Yvain

Hi all!


After some years collecting only extra-european weapons, I'm venturing back to my home continent. Indeed, I recently gained an interest for smallswords, and managed to win this one in a small auction.


From my initial research, I think it might be French, around 1770.


I find it interesting that it doesn't have the usual pas d'âne and shell guard, but instead a simple loop hilt ; it seems to have been a somewhat popular style at the end of the 18th century. While smallswords are usually associated with a lavish ornamentation, I really like this more simple cut steel style.


Here is a somewhat similar sword from the Royal Armouries collections : https://royalarmouries.org/collectio...t/object-49937

Definitely a bit more interesting than the standard 1700s smallsword, so a good choice for starters.
I'm not deriding the classic smallsword and the multitude of variations on that theme, where you rarely see an exact match, but your curious shell and complete lack of 'branches' is a wide step away.
You don't show the design of the blade: does it feature a groove or a hollow on the underside?
More utilitarian examples often feature a groove, as it was easier, and faster, and consequently cheaper, to produce.
What makes you think it is French?
The Royal Armouries link is interesting , thank you for attaching this, and the example they hold with provenance to Prince Octavius, son of George III.
Most intriguing is that the example shown, indeed like yours, attributed to the Prince, who was only 4 yrs old when he died.

Clearly this was a traditional gesture (he was the 8th son of 13 children), George was a busy guy, despite his health issues.

The design seems to have been among the patterns of Matthew Boulton, who was a most prominent British inventor, and sword cutler. ...in his c.1775 catalog, according to the very informative Royal Armouries description.

While the design seems to have been in this British context, I wonder if the prevalent contact between the courts of France and England in these times, despite the otherwise guarded attitude overall, possibly the French influences might have been at hand.

By this time in the 18th century, the era of the smallsword was waning, and hilt features such as the pas d'ane had become entirely vestigial. Maybe this design was to bypass them altogether.

As Keith notes, the basic smallsword style and character was pretty ubiquitous and hard to tell those of one country versus another, so something a bit different is most interesting.


I won't have it in my hands before Christmas, so I don't have much more details to share here.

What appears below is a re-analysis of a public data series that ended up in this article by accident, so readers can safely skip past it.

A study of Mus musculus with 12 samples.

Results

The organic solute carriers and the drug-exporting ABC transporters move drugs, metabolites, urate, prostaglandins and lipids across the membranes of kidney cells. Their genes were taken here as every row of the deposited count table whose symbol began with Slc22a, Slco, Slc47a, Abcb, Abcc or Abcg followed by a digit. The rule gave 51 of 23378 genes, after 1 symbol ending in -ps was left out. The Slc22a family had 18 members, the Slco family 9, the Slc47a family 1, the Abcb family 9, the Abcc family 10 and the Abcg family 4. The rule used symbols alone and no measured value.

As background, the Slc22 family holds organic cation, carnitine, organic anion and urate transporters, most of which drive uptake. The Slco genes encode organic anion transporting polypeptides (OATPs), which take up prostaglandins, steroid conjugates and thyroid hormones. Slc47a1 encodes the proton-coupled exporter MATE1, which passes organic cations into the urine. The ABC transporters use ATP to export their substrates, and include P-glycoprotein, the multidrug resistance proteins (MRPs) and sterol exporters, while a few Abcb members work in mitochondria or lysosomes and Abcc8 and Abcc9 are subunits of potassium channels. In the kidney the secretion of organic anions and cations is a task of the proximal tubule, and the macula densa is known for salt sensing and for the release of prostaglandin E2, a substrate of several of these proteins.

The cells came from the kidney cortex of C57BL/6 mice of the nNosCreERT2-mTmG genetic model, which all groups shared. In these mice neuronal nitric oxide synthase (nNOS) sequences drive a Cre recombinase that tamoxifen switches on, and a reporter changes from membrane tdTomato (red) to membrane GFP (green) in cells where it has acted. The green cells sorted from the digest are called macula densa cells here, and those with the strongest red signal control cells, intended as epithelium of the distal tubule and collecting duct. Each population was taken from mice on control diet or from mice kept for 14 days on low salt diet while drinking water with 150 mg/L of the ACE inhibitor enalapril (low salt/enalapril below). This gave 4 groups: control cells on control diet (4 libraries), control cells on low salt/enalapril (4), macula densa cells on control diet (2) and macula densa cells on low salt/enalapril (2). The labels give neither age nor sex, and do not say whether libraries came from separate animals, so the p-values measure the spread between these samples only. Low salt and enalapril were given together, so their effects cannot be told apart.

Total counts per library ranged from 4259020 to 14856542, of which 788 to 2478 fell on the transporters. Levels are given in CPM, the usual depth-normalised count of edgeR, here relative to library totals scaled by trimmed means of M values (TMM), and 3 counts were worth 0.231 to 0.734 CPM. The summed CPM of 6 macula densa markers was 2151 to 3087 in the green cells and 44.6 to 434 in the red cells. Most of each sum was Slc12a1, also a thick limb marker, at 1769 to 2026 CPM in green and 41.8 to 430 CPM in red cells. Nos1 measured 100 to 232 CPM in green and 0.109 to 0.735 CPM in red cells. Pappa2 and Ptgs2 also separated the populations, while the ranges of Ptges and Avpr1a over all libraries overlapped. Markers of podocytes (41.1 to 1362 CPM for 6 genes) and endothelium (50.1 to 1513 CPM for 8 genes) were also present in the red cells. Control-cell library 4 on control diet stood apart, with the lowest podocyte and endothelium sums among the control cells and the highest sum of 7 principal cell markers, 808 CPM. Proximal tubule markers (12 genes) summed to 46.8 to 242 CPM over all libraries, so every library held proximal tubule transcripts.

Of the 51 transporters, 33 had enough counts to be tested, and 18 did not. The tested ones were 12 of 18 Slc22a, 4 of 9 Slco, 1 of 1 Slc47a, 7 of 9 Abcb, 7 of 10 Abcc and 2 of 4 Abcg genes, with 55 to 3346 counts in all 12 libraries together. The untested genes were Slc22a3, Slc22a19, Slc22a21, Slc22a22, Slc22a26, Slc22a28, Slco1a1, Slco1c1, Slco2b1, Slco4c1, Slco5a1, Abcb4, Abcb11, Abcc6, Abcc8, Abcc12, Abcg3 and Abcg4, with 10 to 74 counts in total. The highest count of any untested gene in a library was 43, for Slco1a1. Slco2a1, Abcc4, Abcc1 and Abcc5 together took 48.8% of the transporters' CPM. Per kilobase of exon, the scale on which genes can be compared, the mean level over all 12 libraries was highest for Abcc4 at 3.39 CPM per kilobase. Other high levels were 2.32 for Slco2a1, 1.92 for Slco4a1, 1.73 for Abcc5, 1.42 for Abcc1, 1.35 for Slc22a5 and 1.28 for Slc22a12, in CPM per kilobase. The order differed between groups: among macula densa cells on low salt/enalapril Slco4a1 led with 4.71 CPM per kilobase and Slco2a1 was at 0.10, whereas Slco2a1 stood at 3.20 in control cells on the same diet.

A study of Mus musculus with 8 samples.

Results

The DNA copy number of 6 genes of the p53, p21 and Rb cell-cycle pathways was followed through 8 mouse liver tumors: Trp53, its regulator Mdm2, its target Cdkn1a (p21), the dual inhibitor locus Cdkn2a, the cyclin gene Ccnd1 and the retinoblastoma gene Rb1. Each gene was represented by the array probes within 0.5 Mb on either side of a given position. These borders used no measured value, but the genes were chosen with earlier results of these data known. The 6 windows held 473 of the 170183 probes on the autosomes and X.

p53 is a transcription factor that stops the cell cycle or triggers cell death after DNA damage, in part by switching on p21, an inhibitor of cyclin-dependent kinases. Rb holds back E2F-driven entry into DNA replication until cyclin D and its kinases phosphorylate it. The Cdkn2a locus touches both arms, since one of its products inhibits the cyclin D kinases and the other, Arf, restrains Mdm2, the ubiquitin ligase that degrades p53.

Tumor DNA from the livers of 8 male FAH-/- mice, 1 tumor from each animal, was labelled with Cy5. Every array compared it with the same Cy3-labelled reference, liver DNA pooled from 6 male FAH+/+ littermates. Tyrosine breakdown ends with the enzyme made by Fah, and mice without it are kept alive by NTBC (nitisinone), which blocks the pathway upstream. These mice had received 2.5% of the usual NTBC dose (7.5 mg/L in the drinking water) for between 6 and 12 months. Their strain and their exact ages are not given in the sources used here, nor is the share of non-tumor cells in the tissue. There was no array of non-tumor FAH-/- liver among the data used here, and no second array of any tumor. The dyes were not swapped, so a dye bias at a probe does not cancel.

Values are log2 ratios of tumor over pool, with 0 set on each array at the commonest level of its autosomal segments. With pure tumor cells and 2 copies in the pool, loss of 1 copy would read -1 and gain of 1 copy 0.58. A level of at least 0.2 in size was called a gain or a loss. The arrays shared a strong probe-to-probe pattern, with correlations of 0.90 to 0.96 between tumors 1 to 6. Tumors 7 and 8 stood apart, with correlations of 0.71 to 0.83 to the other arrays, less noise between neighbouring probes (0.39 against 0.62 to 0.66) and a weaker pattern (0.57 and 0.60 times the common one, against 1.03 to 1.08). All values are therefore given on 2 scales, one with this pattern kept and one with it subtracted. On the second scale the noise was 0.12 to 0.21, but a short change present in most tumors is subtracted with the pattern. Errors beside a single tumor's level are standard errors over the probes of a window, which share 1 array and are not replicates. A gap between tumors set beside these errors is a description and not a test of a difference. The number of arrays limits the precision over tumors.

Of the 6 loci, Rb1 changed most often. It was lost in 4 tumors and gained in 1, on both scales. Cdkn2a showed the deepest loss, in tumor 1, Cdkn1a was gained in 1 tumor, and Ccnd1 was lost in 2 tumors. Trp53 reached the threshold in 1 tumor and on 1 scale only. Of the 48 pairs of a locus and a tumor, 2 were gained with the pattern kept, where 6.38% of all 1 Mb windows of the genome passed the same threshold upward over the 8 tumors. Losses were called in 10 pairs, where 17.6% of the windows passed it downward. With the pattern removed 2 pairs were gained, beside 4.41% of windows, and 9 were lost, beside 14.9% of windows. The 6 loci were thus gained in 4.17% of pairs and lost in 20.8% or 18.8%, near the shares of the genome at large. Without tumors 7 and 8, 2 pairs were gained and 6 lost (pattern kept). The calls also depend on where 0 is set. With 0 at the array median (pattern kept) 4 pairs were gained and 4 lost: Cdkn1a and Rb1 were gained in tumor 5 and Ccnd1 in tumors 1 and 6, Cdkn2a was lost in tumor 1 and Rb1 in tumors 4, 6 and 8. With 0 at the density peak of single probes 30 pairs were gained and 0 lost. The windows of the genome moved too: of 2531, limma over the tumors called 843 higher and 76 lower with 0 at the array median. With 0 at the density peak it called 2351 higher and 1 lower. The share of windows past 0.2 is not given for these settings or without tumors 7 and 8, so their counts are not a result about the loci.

To me, it seems that the blade is triangular and hollow-ground on all faces, but I'll see that better when I get it.



Regarding the attribution, French or British, it will definitely need more research. Though the sword in the Royal Armouries collection is described as French, as well as this one : https://www.pop.culture.gouv.fr/noti...45ab7cb1bca%22 . Maybe I should try to find Norman's book on smallswords?

I looked in Norman and also in Aylward but didn't see anything.
Actually, Norman is predominantly rapiers and early transitions.
Looking closely at the hilt it is, as Jim Suggests very Matthew Boulton; considering it's age also suggests Boulton.
The example you link is definitely similar however.

Perhaps in passing we should mention bright cut steel.When new this faceted style of decoration was cut and polished to such a degree of fineness that it actually resists corrosion. Whether this was due to the quality of the steel or the the polishing is another technique lost to history


Sometimes when you receive a weapon, you feel like it was made for business, and not just as a hip ornament. This is exactly how I felt when I picked up this smallsword for the first time, it definitely feels like a no frills, efficient weapon.


The balance is of course very good, the blade - though unsigned - seem to be of good quality, but what surprised me the most is the excellent point control it has ; indeed, compared to a classic foil, I can control the point of my blade way more easily with this sword.


The grip is rather comfortable, and surprisingly protective given how simple it is.


I don't have much more to add right now, but I am very happy about it !

Hello again.
You remember I asked about the blade and whether it featured a hollow or a grove on the lower face... now I see it is a groove.
This - like all colichemardes - was impressed using the infamous machine that was taken to Shotley Bridge from Solingen.
I have seen examples of it on Birmingham swords before and have begun to wonder if a Mohll or an Oley set a one up down there.
The probability this is a Matthew Boulton hilt makes me wonder even more.
I draw your attention to an almost identical blade made by - or for - Thomas Gill. See following photos:

Last edited by urbanspaceman; 28th December 2023 at 08:33 PM. Reason: photos

see photos of the Gill sword:

Matthew Boulton's company published an illustrated catalogue showing all the sword-hilts he offered.
It is an extremely extensive selection of very detailed drawings.
Unfortunately, I do not have/or can no longer locate, my copy of this catalogue.
My hard-drive is packed with research material and every time I attempt to tidy it up I seem to hide some things... sorry.
I will have found it on-line so I am sure you will be able too also.
In a nut-shell: Boulton was a Birmingham metal-works producer offering everything from buttons to candlesticks and was even minting money for the Crown at his Soho Mint. He was partnered with James Watt of steam engine fame.